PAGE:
Turquoise Trail: A beautiful trip through New Mexico

 

Traveling from Albuquerque to Santa Fe is a beautiful drive, even on the interstate. But on a trip this summer, I took the more scenic route along the Turquoise Trail, and I was rewarded with great views and fun places to stop.


The Turquoise Trail follows route NM-14 from Tijeras in the south to the suburbs of Santa Fe in the north. It follows the eastern edge of the Sandia Mountains. I first drove this route a twenty-five years ago. The Amazing Ms. D and I were drawn by the promise of seeing three ghost towns along our trip. Today, the towns of Golden, Madrid and Cerillos are no longer abandoned. They have become centers of growing arts communities, and homes to the two stops I made this year.






In 1984, Moss opened the Tinkertown Museum, filling up one room. Today the museum covers twenty-two rooms. The two main exhibits are the Western Town and the Circus displays. Each features hundreds of miniature figures, many of which have been animated. All show Moss’ respect for and humor about his subjects. There are many more objects of nostalgia on display, from midway games, to dolls to classic signs. It is worth the 1 to 2 hours that a full tour will take.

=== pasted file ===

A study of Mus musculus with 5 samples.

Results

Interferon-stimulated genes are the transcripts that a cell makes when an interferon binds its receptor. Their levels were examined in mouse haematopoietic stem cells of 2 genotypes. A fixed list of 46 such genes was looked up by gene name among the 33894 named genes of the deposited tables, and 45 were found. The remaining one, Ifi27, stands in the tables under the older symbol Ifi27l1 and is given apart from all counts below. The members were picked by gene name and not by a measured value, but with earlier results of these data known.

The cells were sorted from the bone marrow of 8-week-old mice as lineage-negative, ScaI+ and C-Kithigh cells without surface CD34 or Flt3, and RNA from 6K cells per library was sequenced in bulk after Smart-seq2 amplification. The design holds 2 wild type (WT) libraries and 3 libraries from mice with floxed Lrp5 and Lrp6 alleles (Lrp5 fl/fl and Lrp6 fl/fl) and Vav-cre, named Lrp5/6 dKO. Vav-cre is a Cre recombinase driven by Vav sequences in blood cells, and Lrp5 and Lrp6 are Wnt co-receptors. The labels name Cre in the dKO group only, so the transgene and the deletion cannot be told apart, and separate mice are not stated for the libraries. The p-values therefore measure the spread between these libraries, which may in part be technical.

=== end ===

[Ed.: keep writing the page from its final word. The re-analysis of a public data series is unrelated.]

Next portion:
When you visit you will find art galleries, jewelry shops, and some very good restaurants. I had lunch at the Holler, on the south end of town. They have a great outdoor space, good sandwiches and offer live music on the weekends. Across the street, is the Mineshaft Tavern, which includes a small museum of local history.


Nuts and Bolts:
The Turquoise Trail is about 50 miles long from Tijeras to the first junction with I-25 near Santa Fe. The entire round trip is a little over 100 miles.

Tinkertown Museum - The museum is 1.5 miles west of route 14 on route 536. Entrance fees are $4 for adults/ $3.50 for “geezers”/ $1.50 for children. Please check their website for Accessibility issues. Tinkertown is Open from April 1 to Oct. 31.

Madrid - Route 14 is the main street in Madrid. It is 30 miles south of Santa Fe and 47 miles northeast of Albuquerque. It gets crowded on the weekends, and street parking is limited. There are private lots available for $5.